5 Tax-Efficient Ways to Pass Wealth to Family or Others

February 08, 2023

When an individual has reached a stage in life where they’ve begun thinking about how to pass their wealth to the next generation, it’s wise to consider how this can be achieved in a tax-efficient manner. Those who don’t think about this aspect of wealth transfer will likely see their estates paying significant estate taxes (up to 40% federally, plus state estate taxes, where applicable), which translates into a lot less for loved ones. Let’s walk through five tax-efficient ways to pass wealth to family or others.    

  1. Annual Gifting

As of 2023, in general, the federal government allows individuals to give away up to $17,000 without paying any gift taxes – to as many recipients as a donor desires! So, for example, an individual may gift $17,000 to each of his/her three children this year for a total of $51,000 transferred tax-free. And, if desired, the individual’s spouse can follow suit, allowing the two of them to transfer a grand total of $102,000. These annual exclusion gifts must be of a present interest in the property and not a future gift.

  1. Lifetime Estate and Gift Tax Exemption

Gifts made beyond the annual gift tax exclusion (see #1 above) apply toward the donor’s lifetime estate and gift tax exemption. In 2023, this lifetime exemption is $12.92 million per individual (or $25.84 million for a married couple). This is the amount an individual may gift tax-free during his/her lifetime (over the annual gift tax exemption of $17,000 per donee). It should be noted that the large estate and gift tax exemption is applicable for all U.S. citizens and residents.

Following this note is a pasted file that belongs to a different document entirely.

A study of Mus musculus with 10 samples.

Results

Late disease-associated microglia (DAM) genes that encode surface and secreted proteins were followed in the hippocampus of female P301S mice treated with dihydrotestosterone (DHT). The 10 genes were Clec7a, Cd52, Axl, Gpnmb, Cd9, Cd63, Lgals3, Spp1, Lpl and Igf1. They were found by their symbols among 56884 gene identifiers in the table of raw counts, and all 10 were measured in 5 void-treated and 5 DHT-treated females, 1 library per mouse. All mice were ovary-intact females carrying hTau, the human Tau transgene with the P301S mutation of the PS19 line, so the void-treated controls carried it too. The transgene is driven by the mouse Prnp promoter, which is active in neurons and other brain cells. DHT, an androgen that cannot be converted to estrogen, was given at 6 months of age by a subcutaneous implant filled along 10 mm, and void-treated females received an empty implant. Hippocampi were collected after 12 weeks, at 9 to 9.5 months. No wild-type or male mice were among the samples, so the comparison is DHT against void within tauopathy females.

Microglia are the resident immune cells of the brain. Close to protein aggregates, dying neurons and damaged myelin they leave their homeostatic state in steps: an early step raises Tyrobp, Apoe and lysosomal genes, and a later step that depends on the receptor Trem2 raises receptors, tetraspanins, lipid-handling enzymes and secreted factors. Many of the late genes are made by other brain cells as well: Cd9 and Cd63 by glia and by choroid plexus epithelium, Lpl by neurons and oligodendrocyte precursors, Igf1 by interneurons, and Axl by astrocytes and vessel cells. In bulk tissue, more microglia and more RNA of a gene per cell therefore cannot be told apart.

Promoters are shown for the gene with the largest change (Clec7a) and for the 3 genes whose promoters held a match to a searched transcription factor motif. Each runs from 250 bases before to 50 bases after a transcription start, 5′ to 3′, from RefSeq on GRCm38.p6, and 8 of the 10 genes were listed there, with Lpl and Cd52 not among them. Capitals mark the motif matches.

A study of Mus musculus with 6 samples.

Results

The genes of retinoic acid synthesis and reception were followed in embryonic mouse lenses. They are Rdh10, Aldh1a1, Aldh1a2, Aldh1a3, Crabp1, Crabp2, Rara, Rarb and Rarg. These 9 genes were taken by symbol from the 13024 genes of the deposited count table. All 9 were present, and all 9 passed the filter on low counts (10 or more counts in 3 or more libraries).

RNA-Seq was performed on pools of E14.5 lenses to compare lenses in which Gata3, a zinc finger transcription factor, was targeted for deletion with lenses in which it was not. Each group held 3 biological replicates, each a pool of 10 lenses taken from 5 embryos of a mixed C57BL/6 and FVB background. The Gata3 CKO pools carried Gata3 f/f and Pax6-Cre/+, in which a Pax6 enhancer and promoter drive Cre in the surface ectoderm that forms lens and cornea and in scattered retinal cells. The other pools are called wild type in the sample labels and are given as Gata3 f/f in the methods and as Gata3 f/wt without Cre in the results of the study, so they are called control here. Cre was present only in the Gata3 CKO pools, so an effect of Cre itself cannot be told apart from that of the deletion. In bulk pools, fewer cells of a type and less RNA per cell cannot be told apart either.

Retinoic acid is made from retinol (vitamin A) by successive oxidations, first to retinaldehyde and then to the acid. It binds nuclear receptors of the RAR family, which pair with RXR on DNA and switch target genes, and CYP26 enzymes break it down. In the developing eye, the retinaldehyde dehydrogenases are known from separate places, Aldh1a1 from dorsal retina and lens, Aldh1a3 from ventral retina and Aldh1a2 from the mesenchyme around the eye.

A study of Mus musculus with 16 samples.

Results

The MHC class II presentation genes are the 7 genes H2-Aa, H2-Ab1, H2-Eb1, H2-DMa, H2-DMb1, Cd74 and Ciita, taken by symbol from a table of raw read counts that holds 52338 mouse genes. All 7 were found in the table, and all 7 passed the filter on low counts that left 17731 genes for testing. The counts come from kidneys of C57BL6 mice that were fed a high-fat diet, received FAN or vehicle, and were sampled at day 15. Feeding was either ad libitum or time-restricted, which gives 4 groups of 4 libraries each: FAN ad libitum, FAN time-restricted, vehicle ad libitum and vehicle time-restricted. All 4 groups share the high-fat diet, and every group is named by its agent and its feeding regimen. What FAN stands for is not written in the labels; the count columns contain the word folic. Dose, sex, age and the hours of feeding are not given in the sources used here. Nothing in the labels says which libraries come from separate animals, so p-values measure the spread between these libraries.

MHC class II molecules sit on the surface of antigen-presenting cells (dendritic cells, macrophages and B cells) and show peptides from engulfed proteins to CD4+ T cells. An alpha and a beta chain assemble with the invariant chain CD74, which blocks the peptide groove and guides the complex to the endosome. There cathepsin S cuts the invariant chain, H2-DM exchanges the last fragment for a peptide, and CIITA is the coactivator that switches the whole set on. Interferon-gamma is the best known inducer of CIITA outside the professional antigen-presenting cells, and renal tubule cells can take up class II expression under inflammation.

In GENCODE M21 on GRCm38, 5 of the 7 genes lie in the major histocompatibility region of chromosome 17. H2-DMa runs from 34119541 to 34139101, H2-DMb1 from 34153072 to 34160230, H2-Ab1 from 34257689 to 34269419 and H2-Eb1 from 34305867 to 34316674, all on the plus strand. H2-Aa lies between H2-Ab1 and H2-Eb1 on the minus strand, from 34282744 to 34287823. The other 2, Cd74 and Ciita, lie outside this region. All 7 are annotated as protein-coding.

This means if an individual wants to give $20,000 to each of his/her three children, the first $17,000 of each present interest gift will be exempt due to the annual gift tax exclusion, and the remaining $3,000 will not be subject to tax because of the lifetime estate and gift tax exemption (assuming the individual has not yet hit the maximum of $12.92 million).

  1. Irrevocable Trusts

If an individual has reason to believe that he/she might exceed the lifetime estate and gift tax exemption, they should consider transferring wealth to an irrevocable trust. This can be done without incurring any gift taxes (i.e., using annual exclusions). Note, however, that the donor will lose control over the property once it has been transferred.  

  1. Direct Payments

Another option is to pay for a loved one’s educational and medical expenses. Don’t confuse this with contributing to a 529 plan, however, which is considered a gift. In this case, a donor would send payments directly to the education or medical institution(s). (Be careful, though, because if a donor sends checks directly to an individual [e.g., a grandchild] to cover college tuition, for example, the gifts will be subject to gift taxes [assuming the gifts do not qualify for the annual exclusion]). Donors must pay the school directly. Thus, donors can pay as much of the educational or medical expenses (if qualified) as they desire and all without incurring any tax.

  1. Intra-Family Loans

If an individual wants to transfer wealth to a family member for a specific purpose (e.g., the purchase of a home, to start a business, or to pay down debt) and avoid hefty gift taxes at the same time, they should consider intra-family lending. The IRS offers a special interest rate for this type of loan that is typically lower than commercial rates. Individuals must be sure, however, to structure the loan according to IRS rules, so they don’t run afoul of any tax laws.

This design can run afoul of tax laws (e.g., Maxwell case) where the IRS argues a total gift from inception where an intent to repay is lacking. That is, forgiving the note/interest.

It’s apparent there are a number of different options to choose from when it comes to transferring generational wealth in a tax-efficient manner. Given the potential tax and legal considerations, however, it’s strongly advisable that individuals consult a trusted financial planner, tax expert, and/or attorney before making any of these financial moves.